Q: A client’s friend recently bought a home and told my client the mortgage process was a nightmare in terms of documentation. Specifically, she said that the loan officer kept asking her for documentation on deposits into her accounts. How do I avoid this with my client?
A: If you were to talk to anyone who closed a mortgage loan recently, this would likely be a common complaint. Over the past three years, underwriting guidelines have become more and more stringent in regards to documenting assets on both purchase and refinance transactions. When underwriters see a large deposit into an asset account, they will ask for documentation of where the deposit came from.
The bigger issue, though, is that there doesn’t seem to be a common definition among different banks and brokers as to what a ‘large deposit’ is at this point. Some define it as any deposit over $500, while others will look at the file with a little more objectivity when it comes to the beginning account balance and the ability of the individual borrower to make that deposit based on income and net worth.
My advice would be to talk to your client about what you and your underwriting staff are going to deem as a large deposit so it doesn’t become an issue prior to approval.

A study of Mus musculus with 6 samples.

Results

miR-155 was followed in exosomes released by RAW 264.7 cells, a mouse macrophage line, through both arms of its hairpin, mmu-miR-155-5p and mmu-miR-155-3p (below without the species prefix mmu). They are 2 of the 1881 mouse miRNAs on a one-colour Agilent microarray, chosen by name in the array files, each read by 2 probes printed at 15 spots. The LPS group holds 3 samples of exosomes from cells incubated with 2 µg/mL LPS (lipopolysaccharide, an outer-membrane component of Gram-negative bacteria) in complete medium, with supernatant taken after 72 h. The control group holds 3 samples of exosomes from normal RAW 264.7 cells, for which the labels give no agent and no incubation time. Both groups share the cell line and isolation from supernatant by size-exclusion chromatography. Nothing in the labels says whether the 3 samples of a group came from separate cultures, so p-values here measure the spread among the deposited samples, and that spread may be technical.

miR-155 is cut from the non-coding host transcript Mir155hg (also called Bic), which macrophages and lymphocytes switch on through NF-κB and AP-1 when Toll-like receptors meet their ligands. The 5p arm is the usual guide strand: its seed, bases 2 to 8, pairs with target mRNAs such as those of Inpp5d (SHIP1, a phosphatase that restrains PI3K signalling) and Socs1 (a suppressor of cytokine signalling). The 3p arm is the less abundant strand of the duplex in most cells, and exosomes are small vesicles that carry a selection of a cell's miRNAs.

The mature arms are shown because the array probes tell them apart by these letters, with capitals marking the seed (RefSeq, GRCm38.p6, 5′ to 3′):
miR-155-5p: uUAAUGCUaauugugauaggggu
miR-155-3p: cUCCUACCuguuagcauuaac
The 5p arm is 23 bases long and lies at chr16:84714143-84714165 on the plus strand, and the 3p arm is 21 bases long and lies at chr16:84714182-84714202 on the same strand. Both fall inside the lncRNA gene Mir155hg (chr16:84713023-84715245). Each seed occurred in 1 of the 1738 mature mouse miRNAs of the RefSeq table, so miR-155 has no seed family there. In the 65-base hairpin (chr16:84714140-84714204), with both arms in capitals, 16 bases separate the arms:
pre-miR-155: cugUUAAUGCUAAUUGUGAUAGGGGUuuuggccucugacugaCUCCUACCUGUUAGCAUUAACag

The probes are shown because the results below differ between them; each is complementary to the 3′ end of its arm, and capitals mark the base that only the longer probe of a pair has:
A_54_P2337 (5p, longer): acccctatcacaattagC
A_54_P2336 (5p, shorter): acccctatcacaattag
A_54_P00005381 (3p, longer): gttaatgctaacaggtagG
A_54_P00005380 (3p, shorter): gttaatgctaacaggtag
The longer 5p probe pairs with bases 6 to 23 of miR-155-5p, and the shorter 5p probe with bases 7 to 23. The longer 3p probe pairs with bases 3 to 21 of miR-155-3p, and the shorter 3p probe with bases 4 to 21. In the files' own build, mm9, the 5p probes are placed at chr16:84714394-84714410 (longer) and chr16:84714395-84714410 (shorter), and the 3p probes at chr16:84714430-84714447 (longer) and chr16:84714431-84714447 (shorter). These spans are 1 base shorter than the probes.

Q: How can I insure that my client gets the best possible deal on a mortgage when I go to lock in an interest rate?
A: Your client is in a situation to shop around and lock in the best possible rates once they have a contract on a property. After pre-approving them, get their documentation early on to start a file and have credit run prior to writing a contract. To lock in an interest rate, you need to have about 70 percent of an actual mortgage application prepared and a recent credit report prior to locking – this works to the client’s advantage if you can be prepared to lock in an interest rate the instant the client has a contract and a closing date.
The ability for you to lock in a great rate for your client in an instant has never been more important. With the market as volatile as it is today, rates quoted at 9 a.m. can be gone minutes later. If you are prepared, it can be the difference between getting your client the lowest rate and not.
Q: While a client was shopping for an interest rate with me, they said they had another loan officer offer to pay them a $2,000 credit outside of the closing. Is this a common practice for lenders?
A: No, because it’s illegal. It violates the Real Estate Servicing and Protection Act and is not standard practice. Any credit given by anyone in a real estate transaction has to appear at the closing on the HUD-1 or Settlement Statement.
Joe Burke has been a loan officer since 2002 and joined Guaranteed Rate in 2009. He specializes in purchase transactions and believes in building strong referral networks with like-minded professionals. Burke also believes that there is nothing more important THAn a transaction that openS lines of communication and a quick return phone call. He can be reached by phone at 773.742.6707 and by email at firstname.lastname@example.org.